Colombian “Drug Triangle” Seeks to Become “Cacao Triangle”

GUERIMA, Colombia – The “drug triangle” formed by the Colombian villages of Guerima, Chupave and Puerto Principe was famous for its coca leaf production under drug lord Carlos Lehder and was later perpetuated by the FARC; now, as peace becomes a reality, people here are trying to replace that blemish with perfectly legal cacao crops.

Getting to Guerima, a gateway to the Amazon region in Vichada province, is an adventure in itself that requires landing at an improvised airport among the trees that is almost impossible to see from the air.

The unpaved landing strips were laid out by drug traffickers who used them as part of an escape route.

Just as the Antioquia natives did back in the 18th century with coffee beans in the central part of the country, Lehder called on settlers from all over the country to come plow the mountain and plant the leaf that was to make him rich.

The outlaw company took advantage of landless farm workers and was successful to the point that coca paste was used as money among people used to bartering.

Some stores are still willing to accept coca paste for 4,000 pesos (some $1.30) per gram.

The system is on its way out, however, since a pack of cigarettes costs 3.5 grams or 5,000 pesos ($1.66), the locals told EFE.

“We haven’t accepted grams for a year now. If they don’t pay me in cash there’s no deal,” said Gian Hernando Garcia, who came to Guerima through the so-called Promised Land to become immersed in the culture of crime.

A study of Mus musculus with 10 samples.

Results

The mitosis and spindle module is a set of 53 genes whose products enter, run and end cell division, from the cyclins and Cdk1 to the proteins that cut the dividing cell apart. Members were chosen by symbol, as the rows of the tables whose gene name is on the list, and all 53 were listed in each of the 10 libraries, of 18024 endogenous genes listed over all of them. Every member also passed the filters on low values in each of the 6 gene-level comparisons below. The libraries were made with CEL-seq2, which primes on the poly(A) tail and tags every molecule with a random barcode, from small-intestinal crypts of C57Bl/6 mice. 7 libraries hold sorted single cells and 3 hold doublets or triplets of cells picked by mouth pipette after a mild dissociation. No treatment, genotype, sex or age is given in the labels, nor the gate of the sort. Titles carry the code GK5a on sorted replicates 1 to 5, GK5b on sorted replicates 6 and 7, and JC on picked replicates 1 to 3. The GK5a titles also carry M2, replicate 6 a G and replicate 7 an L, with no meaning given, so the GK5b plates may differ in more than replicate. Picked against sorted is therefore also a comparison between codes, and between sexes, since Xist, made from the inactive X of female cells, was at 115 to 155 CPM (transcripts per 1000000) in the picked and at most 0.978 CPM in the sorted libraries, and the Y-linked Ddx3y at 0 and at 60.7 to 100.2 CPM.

To bring down coca production to its present decadent state first required some tough military action that ended with the extradition of Lehder to the United States in 1987, where he served a long sentence for drug trafficking, and then the death years later of Tomas Medina Caracas, alias “Negro Acacio,” considered the FARC’s leading drug kingpin.

Negro Acacio died just a few miles (kilometers) from Guerima in an air force operation, and the area was then defined by the military as a “gray zone,” a region with no enemy presence but not yet taken over by the Colombian government.

Then came the cacao crops.

In the years when coca production was at its height, the illegal crop is estimated to have covered some 7,400 acres (3,000 hectares), by 2015 it was down to about 1,500 acres (600 hectares), and the Defense Ministry expects that by 2019 it will have disappeared completely.